Comb-overs, knee-high socks and jackets loud enough to warrant technical fouls provide those who gaze only the most basic components of coach Dick Harmening’s back-to-back state finalists.

The picture on the left falls short of advertising how a junior-dominated squad made it all the way to Indiana University’s Assembly Hall, host of the IHSAA State Finals during construction of Market Square Arena. On the right, lost in the colorful magnificence, is how the Grizzly Cubs managed to live up to expectations born the previous season.

One program. Two teams. Hundreds of stories.

To commemorate the 40th anniversary of the first of Franklin’s most recent boys basketball state finalists, the school is honoring both teams at halftime of tonight’s Mid-State Conference game against visiting Martinsville.


Harmening, 76, who continues to live in Franklin, will be present, as will a collection of former Cubs players, coaches and cheerleaders.

The coach, for one, can’t wait.

“The thing about those teams is the way they drew the community in,” Harmening said. “That team jelled, and the community really jelled.”

“As you grow up playing basketball, your dream is to play in the state finals. That bandwagon got real big,” remembered Darrel Heuchan, 57, the Cubs’ 6-foot-5 starting center both seasons. “We filled up our quarter of Hinkle Fieldhouse both years for the semistate. It was capacity both times and a loud place.”

Heuchan was one of four juniors making Harmening’s starting lineup in the late fall of 1972, the others being 6-3 twins Jon and Don McGlocklin at the forwards and 5-11 guard Ed Trogden. Running the show was 5-10 senior point guard Garry Abplanalp, whose sturdy frame enabled him to score inside, as well.

“He was a coach on the floor,” Harmening said. “Just a very good quarterback for our team and the one who knew what we were going to do before I called it.”

The general feeling around Johnson County was that Franklin might be a year away. Harmening, who took over the Grizzly Cubs program in 1968, wasn’t so sure. After all, he had been in Franklin long enough to witness his junior players’ many successes during earlier stages of basketball. He knew the group was special and capable.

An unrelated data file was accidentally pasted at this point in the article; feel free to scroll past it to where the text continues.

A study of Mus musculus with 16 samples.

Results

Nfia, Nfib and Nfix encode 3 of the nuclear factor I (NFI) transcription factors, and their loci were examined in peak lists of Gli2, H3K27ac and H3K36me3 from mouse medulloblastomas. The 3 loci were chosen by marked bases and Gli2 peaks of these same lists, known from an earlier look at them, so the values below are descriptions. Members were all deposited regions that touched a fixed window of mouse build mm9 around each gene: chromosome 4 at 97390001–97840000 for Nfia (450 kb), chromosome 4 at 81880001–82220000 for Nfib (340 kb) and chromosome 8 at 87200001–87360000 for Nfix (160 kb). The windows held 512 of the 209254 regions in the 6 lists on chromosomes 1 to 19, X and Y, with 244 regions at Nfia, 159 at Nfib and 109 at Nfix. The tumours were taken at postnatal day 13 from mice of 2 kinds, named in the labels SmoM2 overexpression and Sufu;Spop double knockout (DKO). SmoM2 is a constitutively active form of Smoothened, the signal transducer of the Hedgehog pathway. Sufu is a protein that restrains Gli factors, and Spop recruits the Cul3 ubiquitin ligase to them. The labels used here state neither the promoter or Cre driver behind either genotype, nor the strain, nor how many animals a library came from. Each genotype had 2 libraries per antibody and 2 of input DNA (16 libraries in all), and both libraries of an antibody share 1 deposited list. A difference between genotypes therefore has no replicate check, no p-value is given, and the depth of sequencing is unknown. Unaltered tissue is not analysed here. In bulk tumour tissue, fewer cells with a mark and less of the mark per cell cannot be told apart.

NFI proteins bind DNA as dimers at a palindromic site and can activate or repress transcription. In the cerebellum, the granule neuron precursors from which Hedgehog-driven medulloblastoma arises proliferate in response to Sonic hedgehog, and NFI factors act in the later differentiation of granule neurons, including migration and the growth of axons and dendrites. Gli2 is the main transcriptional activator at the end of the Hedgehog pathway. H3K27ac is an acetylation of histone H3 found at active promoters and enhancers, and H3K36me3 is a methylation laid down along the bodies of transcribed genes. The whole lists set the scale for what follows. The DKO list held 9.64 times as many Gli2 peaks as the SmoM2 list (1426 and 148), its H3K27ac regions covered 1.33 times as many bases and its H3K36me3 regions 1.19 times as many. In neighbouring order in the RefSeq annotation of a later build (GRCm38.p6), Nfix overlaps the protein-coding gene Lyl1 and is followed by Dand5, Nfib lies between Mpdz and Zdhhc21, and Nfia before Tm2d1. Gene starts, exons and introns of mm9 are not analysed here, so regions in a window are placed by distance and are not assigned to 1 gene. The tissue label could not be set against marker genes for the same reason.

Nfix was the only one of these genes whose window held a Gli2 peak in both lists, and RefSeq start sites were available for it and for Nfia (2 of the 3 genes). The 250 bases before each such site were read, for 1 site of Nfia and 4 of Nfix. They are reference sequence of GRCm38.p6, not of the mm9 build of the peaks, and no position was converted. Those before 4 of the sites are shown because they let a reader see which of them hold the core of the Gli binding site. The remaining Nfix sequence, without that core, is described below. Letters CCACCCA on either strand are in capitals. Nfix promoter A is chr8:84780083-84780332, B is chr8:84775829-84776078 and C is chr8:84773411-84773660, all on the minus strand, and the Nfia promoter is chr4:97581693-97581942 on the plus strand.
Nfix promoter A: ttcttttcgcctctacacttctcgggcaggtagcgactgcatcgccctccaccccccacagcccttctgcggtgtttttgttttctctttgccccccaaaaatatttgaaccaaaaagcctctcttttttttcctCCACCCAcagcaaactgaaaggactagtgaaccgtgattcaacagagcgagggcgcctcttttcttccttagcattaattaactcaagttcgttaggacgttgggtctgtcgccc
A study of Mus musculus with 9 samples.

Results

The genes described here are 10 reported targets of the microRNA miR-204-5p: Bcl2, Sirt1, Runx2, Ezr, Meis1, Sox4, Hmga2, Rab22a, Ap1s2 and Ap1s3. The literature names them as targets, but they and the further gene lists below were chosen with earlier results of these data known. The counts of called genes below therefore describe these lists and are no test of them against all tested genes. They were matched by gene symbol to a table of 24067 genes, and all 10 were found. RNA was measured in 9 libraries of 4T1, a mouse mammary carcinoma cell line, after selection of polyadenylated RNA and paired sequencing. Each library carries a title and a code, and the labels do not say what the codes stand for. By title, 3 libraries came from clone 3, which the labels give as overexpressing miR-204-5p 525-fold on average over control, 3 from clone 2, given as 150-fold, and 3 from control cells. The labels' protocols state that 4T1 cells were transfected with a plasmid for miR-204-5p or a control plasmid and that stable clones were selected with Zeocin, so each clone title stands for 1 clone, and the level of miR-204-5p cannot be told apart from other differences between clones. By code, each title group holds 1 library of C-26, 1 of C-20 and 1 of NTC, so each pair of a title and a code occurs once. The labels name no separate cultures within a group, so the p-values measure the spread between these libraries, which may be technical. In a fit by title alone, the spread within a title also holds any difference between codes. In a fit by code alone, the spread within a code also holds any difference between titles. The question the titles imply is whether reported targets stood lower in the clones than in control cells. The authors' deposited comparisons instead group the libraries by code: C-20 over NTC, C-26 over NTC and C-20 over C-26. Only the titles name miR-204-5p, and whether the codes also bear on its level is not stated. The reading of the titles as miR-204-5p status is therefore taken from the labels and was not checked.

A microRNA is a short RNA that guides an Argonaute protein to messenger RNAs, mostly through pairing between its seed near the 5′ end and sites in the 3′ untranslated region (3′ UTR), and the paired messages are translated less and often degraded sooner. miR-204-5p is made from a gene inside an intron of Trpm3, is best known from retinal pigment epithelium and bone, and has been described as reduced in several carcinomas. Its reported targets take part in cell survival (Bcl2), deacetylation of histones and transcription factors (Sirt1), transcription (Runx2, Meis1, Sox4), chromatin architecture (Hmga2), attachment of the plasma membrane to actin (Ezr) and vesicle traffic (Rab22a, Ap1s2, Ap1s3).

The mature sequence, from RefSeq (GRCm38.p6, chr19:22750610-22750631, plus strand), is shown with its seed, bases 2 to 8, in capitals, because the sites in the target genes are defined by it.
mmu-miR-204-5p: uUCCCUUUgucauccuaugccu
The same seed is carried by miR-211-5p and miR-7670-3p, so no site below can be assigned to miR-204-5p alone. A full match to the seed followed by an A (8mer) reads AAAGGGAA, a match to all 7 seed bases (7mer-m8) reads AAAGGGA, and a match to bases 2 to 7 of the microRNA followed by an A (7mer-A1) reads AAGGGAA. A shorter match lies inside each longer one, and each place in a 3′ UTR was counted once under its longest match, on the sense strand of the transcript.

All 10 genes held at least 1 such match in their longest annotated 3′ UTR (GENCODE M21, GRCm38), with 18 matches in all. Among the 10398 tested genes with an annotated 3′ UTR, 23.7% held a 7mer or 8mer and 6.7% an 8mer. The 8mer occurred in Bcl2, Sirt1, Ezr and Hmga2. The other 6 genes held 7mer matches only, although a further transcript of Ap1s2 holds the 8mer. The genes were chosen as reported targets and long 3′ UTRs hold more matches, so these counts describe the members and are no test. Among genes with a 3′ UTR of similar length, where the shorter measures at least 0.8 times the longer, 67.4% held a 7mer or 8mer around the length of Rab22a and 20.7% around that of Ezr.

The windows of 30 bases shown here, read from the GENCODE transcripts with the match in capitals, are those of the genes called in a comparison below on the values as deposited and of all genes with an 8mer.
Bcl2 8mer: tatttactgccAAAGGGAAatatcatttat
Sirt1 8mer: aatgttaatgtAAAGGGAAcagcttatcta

“I think that first year we were ranked about 10th in the state at the start,” Harmening said. “I thought the team was ready, but most of the people in town thought their senior year would be the year.”

Both parties were correct. With all five starters averaging between 11.7 and 15 points a game, Franklin captured the Whiteland Sectional and Columbus Regional before defeating Speedway and Richmond at the semistate level.

Playing the morning semifinal against New Albany at the State Finals, Harmening’s team failed to take advantage of opportunities at the free-throw line and lost in overtime, 77-76. A controversial blocking foul on Heuchan late in the game fouled out Franklin’s big man.

Salt was added to a community’s open wound that evening when New Albany, led by Julius Norman, Norman Mukes and Jim Webb, beat South Bend Adams in the title game, 84-79.

“That was very disappointing the way we lost because there were some very questionable calls down the stretch,” Harmening said. “That next season everyone was shooting for us because we had everyone back except Garry.”

Trogden moved over to the point in 1973-74, while sharpshooting senior Chris McCarty took over at shooting guard. Franklin’s bench also was a strength, with 6-6 Jim Thomas (father of current Grizzly Cubs’ starting forward Tyler Thomas), 6-10 Jerry Jewell and 6-1 Steve Yount being consistent contributors, along with junior Ted Server.

This time the Cubs cut down the nets at the Franklin Sectional, Columbus North Regional and Hinkle Semistate before dropping a 63-52 decision to Jeffersonville in the early semifinal at Assembly Hall.

The program hasn’t made it to a State Finals since. The 1996-97 Grizzly Cubs came close, losing 61-54 to Delta in the semistate championship game at Hinkle in what was the final single-class state tournament.

“That just tells you how hard it is to get there,” Heuchan said.

Even though both fell short of the ultimate objective, Franklin’s 1972-73 and 1973-74 teams made history that will stand the test of time.

Franklin is the only school in the 81 seasons (1917-97) of single-class mental attitude awards to go back-to-back: Abplanalp took the honor in 1973 and the McGlocklin twins the following spring.

One of Harmening’s assistants, Tom McKinney, later would coach the Cubs for eight seasons. He was Bloomington North’s coach in 1997 when the Cougars knocked off Delta to win the state’s 87th and final single-class state title.

Harmening coached at Franklin through the 1978-79 season and later resurfaced at Center Grove, where he stayed from 1984 to 1992. Those magical moments of the early 1970s still seem like yesterday to the coach, who even today marvels at those ballclubs.

“The camaraderie among both of those teams was so good. The kids ate together and were always doing something together,” Harmening said. “During games they shared the basketball very, very well.”

Doors open at 5:15 p.m. today with the junior varsity game scheduled to start at 6 p.m. The varsity game tips off at about 7:30 p.m. A student-produced video documenting the highlights of the 1972-73 and 1973-74 teams’ successes will be shown before the varsity game warm-up.